All too often, it seems, the image of mental illness careens wildly between lovable eccentrics (think: Harvey) and heartless psychopaths (think: Silence of the Lambs). Like the virgin/whore dichotomy that women have had to put up with for ages, the depiction of mental illness on stage and screen has rarely occupied a middle ground closer to everyday experience.
Life for those who live largely in their minds, to the exclusion of family and friends, isn’t easy for anyone; so it is rare to find a writer who understands their struggles, and more importantly someone who understands why what we dismiss as fantasy worlds might appear perfectly normal, even preferable, to those who live with them. One of the most difficult aspects of dealing with any mental illness is the fact that what on the outside looks like a disorder is, from the patient’s perspective, the way they live, the only way to live. It’s the only world they know, and the prospect of being wrenched out of it for any reason makes little sense at first.
It’s funny, touching, and well worth seeing.
Johnna Adams’ latest play, World Builders, offers us one of the most touching portraits of mental illness I have ever seen. It helps that she writes with a generous sense of humor, too; the lessons here are delivered with ease, and it is a joy to get to know her characters. Set in a psychiatric wing of Johns Hopkins Hospital in nearby Baltimore, World Builders features two patients who have been, shall we say, invited (under some compulsion) to participate in a drug trial. They live in worlds of their own spontaneous creation, worlds so compelling it is impossible for them to cope with the rigors of normal life. If the drugs work, those worlds will disappear; but if they do work, how do they handle the loss, the death of the worlds they have lived with for so long?
Of the two patients one, Whitney is the more talkative and outgoing; the charismatic Brenna Palughi dives into Whitney’s worlds with relish, and the fantasy Whitney has created for herself is as vivid as anything you’re likely to find in that place we call reality. Max on the other hand is withdrawn, and as he slowly opens up we get a glimpse into his private world we can easily see why he has preferred silence for so long. Chris Thorn’s turn in this role is memorable and touching, especially as it becomes clear that Max has far deeper issues with his world than Whitney does with hers.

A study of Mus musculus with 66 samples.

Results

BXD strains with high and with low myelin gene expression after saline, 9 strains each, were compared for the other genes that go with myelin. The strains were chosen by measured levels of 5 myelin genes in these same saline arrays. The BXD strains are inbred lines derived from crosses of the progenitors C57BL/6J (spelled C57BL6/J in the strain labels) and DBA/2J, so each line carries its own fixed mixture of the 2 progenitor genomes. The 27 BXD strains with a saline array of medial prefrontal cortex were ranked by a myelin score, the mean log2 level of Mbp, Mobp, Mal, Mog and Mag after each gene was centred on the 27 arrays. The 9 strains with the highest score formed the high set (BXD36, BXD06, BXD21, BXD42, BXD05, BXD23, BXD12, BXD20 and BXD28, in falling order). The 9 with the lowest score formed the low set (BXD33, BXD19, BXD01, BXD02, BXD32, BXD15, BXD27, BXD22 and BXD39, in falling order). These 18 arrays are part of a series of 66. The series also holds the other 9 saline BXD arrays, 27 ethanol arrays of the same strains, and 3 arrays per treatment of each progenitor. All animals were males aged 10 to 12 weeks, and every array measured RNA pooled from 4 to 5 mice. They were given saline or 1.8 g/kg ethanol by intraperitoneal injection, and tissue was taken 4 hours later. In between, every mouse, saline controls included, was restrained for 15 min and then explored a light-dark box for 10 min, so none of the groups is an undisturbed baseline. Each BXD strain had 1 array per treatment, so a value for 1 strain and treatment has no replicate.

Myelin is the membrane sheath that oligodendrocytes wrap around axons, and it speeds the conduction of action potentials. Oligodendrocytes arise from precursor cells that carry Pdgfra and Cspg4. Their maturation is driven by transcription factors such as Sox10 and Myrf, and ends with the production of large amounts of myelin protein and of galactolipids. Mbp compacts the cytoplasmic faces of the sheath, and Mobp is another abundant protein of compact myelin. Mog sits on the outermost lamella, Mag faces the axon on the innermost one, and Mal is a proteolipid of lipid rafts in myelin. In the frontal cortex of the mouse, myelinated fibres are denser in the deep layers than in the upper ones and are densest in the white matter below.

As the action unfolds and the two move from barely tolerating each other’s presence, to sharing stories, to full-fledged affection, the worlds that the drug trial is designed to destroy take on a very different meaning. Both know that their families want them to change; and now, looming in the background of their worlds, is the potential for a new third world that the two can build together.
Nicole A. Watson has created a fine piece of chamber theater, a two-hander that manages to encompass so much about the lives and dreams of people who live with mental disorders. Robert Klingelhoefer’s set is appropriately clinical, with those all-too-familiar linoleum squares in drab colors, stupid and utterly useless fake plants, bland ceiling panels and even blander furnishings, with the drug trolley always nearby. Sound designer Arshan Gailus provides delicate musical accompaniment for each scene, sparse pieces for solo piano that brilliantly complement the state of the characters’ minds onstage. Tony Galaska’s lights, meanwhile, balance the reality of the present-day waiting room with the worlds into which Max and Whitney retreat.
Adams writes with wit and sensitivity here, and creates a world in which we can grasp, as if for the first time, the challenges that many of our friends and family face with mental illness. It’s funny, touching, and well worth seeing.
Advisory: Adult situations.
Running Time: 90 minutes, with no intermission.
World Builders runs through August 2 at the Studio 112 space at Shepherd University in Shepherdstown, West Virginia.
For tickets call 800-999-CATF (2283), or 304-876-3474, or click here.